According to an article by blocktribune.com, “Poland’s Government Legislation Centre has published a new draft bill that clarifies the country’s current crypto taxation policy.”
The draft bill elucidates that cryptocurrencies can be used as a mode of payment, is allowed for use in e-commerce, can serve as means of exchange and are stored and transmitted electronically. This means that the draft bill views cryptocurrencies as a “digital representation of value.” The purpose of the draft bill is to simplify the taxation procedures and income reporting for the cryptocurrency-related activities. It has been offered for consultation and separates virtual currencies into centralized virtual currency and cryptocurrency.
The Central Bank of Poland admitted to funding $27,000 worth of content aimed against crypto which was broadcasted by the local press before being published on YouTube. The social media materials were funded by 615,000 Polish złoty (US$ 165,257.51) on risks associated with pyramid schemes, cryptocurrencies, and forex trading.
The bill addresses the taxation of both individuals and corporate entities. Any crypto-to-crypto transactions performed on the stock exchange, or individual will be tax-free. Any income generated from selling services, property, and goods for cryptocurrency will be treated revenues from capital gains. Also, crypto miners who are mining individually won’t be taxed. However, crypto miners have to pay taxes if they are working for a company. Miners were looking to convert their cryptocurrency into FIAT money before paying their clients, then the whole amount will be treated as revenue and will be taxed.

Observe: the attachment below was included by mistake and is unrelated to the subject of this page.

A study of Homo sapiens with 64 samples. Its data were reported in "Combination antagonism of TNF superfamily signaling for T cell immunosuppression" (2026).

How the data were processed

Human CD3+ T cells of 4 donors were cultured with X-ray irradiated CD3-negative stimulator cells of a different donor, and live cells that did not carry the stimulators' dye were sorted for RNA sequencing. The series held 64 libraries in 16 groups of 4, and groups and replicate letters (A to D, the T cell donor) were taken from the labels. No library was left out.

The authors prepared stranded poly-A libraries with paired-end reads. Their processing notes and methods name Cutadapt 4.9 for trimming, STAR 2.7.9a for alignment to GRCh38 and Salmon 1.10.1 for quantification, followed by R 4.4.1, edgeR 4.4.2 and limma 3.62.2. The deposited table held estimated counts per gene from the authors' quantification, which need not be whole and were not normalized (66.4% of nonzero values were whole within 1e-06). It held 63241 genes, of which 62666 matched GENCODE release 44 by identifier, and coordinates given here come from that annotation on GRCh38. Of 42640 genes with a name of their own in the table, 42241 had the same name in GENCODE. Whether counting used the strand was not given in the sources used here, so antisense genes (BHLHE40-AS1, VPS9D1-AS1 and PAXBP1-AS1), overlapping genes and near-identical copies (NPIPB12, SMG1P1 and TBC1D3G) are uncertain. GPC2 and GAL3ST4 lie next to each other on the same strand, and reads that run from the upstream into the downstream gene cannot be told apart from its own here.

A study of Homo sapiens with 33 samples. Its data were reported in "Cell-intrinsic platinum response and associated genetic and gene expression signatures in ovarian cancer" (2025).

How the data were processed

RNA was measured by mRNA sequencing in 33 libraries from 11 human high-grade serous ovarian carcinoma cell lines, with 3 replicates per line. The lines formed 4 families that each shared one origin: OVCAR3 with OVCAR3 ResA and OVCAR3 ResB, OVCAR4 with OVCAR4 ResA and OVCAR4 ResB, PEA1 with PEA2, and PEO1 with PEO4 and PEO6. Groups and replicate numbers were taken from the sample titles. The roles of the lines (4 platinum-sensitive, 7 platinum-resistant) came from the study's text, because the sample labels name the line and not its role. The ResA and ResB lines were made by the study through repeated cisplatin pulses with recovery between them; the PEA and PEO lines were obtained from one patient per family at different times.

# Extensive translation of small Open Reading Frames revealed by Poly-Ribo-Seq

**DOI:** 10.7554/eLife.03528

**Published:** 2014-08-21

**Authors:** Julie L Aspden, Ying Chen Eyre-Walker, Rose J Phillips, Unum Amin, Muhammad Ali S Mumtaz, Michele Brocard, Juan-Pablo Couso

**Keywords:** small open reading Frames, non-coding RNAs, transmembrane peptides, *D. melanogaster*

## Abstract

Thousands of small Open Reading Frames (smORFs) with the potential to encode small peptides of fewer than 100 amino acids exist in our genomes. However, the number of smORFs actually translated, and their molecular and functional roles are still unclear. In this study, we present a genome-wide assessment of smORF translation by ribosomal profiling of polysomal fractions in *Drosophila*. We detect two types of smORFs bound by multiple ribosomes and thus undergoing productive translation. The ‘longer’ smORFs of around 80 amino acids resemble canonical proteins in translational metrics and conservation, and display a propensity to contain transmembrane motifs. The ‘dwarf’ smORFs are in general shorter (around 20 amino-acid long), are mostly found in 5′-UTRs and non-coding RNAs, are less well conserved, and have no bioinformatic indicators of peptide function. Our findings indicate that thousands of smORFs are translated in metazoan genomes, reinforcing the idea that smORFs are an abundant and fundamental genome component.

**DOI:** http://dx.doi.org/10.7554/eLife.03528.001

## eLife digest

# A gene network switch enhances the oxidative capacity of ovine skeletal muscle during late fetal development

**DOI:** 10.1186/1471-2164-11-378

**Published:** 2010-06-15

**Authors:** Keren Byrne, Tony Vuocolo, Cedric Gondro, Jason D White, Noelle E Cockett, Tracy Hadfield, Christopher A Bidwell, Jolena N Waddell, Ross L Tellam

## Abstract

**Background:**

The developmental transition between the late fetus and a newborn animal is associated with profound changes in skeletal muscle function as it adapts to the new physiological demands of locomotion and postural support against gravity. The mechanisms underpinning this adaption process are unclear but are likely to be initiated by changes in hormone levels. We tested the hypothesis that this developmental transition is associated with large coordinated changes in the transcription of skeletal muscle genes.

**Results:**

The current taxation system in Poland is 18% and provides 32% for annual incomes above 85,500 Polish złoty limit. It’s not necessary for taxpayers dealing with cryptocurrency to pay tax in advance. Cointelegraph reported in June 2018 that Polish crypto owners blamed banks for selectively closing accounts and purposefully denying services to cryptocurrency entities. The new draft bill is expected to be reviewed in the third quarter of 2018 by the Polish Council of Ministers.